An economic slowdown has yet to hit Union Pacific (UNP), the United States' largest railroad company. The firm earned $2.10 per share, $0.14 higher than consensus expectations and 32% higher than a year ago. As expected, revenue grew 7% year-over-year, to $5.2 billion. Although we think the firm sheds some light on pockets of growth in the US, we feel shares are fairly valued at current levels (please click here for report).
Union Pacific repurchased 3.8 million shares in the second quarter, but the big driver of increased profitability for the firm was fuel cost decreases. Total fuel expenditures fell 2% year-over-year (in spite of increased freight loads) thanks to the average cost of a gallon of diesel fuel falling to $3.21 from $3.29. As a result of lower fuel costs, improved operations, and fuel surcharge recovery, the firm achieved a record operating ratio of 67%.
Several of the firm's different transportation segments grew at vastly different rates. The coal industry, which remains plagued by overcapacity and cheap substitutes, dragged on results. Revenue from coal shipments fell 9% to $869 million on 17% less volume than the second quarter of 2011. With natural gas cheap and abundant, we do not see this trend reversing any time soon. Agricultural freight was also weak, as revenue only grew 1% to $854 million on shipments that fell 2%. We think drought throughout the MidWest could weigh on third-quarter results, but the segment will not be as challenged as coal.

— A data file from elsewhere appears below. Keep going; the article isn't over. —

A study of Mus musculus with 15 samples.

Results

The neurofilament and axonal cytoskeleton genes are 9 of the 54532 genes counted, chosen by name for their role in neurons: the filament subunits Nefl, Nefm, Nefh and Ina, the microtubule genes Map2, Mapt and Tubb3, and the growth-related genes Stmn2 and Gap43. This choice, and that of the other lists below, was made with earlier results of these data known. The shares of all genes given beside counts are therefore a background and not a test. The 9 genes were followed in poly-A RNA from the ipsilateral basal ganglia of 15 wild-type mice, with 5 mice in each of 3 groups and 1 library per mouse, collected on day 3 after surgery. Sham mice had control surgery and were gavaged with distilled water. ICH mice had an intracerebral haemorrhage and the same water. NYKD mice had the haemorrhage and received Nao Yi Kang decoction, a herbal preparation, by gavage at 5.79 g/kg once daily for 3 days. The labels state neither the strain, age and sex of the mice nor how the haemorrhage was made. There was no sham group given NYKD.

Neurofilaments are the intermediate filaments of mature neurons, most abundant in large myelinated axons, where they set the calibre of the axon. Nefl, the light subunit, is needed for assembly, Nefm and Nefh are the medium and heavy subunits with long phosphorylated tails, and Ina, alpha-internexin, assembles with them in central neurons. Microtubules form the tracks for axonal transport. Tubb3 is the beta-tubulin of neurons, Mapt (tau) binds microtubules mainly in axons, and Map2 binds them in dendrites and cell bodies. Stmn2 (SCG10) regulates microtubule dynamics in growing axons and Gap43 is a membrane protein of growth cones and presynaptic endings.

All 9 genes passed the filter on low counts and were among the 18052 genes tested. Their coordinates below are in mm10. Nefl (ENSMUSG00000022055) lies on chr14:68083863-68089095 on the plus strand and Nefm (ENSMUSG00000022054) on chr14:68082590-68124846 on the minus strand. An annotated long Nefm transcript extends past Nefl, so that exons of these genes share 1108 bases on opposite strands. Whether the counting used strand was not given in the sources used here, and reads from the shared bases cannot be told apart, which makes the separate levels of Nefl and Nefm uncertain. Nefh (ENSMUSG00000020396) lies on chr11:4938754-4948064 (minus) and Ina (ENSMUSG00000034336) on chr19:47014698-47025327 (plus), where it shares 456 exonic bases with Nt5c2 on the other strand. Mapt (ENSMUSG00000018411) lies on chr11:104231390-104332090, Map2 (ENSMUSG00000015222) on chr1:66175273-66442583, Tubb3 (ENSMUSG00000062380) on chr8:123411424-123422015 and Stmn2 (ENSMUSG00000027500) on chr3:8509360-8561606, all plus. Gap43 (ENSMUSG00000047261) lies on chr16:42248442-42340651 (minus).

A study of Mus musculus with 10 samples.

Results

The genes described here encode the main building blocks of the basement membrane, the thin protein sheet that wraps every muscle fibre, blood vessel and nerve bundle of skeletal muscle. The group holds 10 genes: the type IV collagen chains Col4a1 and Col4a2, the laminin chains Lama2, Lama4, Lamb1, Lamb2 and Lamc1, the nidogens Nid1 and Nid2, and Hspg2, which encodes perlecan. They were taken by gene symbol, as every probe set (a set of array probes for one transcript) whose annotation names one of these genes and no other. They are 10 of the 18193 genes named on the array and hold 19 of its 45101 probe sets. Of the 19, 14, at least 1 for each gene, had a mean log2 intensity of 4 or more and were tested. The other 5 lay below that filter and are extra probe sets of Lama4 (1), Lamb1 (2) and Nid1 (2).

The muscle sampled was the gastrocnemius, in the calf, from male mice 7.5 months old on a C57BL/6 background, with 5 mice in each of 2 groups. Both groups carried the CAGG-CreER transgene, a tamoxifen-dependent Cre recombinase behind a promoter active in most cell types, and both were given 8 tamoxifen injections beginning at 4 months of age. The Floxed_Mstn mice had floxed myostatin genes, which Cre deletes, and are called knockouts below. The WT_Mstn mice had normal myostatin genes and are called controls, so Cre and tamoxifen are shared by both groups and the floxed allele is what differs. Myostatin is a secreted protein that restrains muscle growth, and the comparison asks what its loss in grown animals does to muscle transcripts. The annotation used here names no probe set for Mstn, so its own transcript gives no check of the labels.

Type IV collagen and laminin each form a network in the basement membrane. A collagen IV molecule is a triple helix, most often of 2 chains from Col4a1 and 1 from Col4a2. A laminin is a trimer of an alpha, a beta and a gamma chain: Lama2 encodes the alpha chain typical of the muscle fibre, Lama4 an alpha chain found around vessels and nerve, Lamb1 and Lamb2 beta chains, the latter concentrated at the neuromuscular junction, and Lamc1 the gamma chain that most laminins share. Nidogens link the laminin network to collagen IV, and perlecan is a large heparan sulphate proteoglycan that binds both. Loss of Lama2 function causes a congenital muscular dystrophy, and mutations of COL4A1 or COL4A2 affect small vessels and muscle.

While some segments struggled, others more than picked up the slack. Automotive, which we have singled out as one of the best performing sectors in the US economy, experienced 15% volume growth, propelling revenue growth of 25% to $475 million. The strong year-over-year volume acceleration in the automotive segment reinforces our view regarding the industry's robust recovery. Volumes in the chemical segment grew 12%, resulting in segment revenue growing 13% to $795 million. Intermodal transportation revenue also grew 10% to $1 billion on 3% volume growth. Though volume growth wasn't as strong in the intermodal segment, we think this showcases the resurgence of US exports. Growth in this segment could slow in the back half of the year due to the stronger dollar, but we think increased auto demand and industrial-products demand (up 14% on a year over year basis) will help mitigate this effect.
Union Pacific's second quarter provides a strong read-through for the health of industrial production in the United States. With the surge in auto demand, strength in aerospace and growth in exports, we think some sectors in the economy will perform well in the second half of 2012. Though the strong dollar may weigh on exports, it seems like domestic industrial demand will remain strong. We aren't fans of Union Pacific at its current price, and its Valuentum Buying Index score of just 3 means we'd stay away from the firm at this time.
Disclosure: I have no positions in any stocks mentioned, and no plans to initiate any positions within the next 72 hours.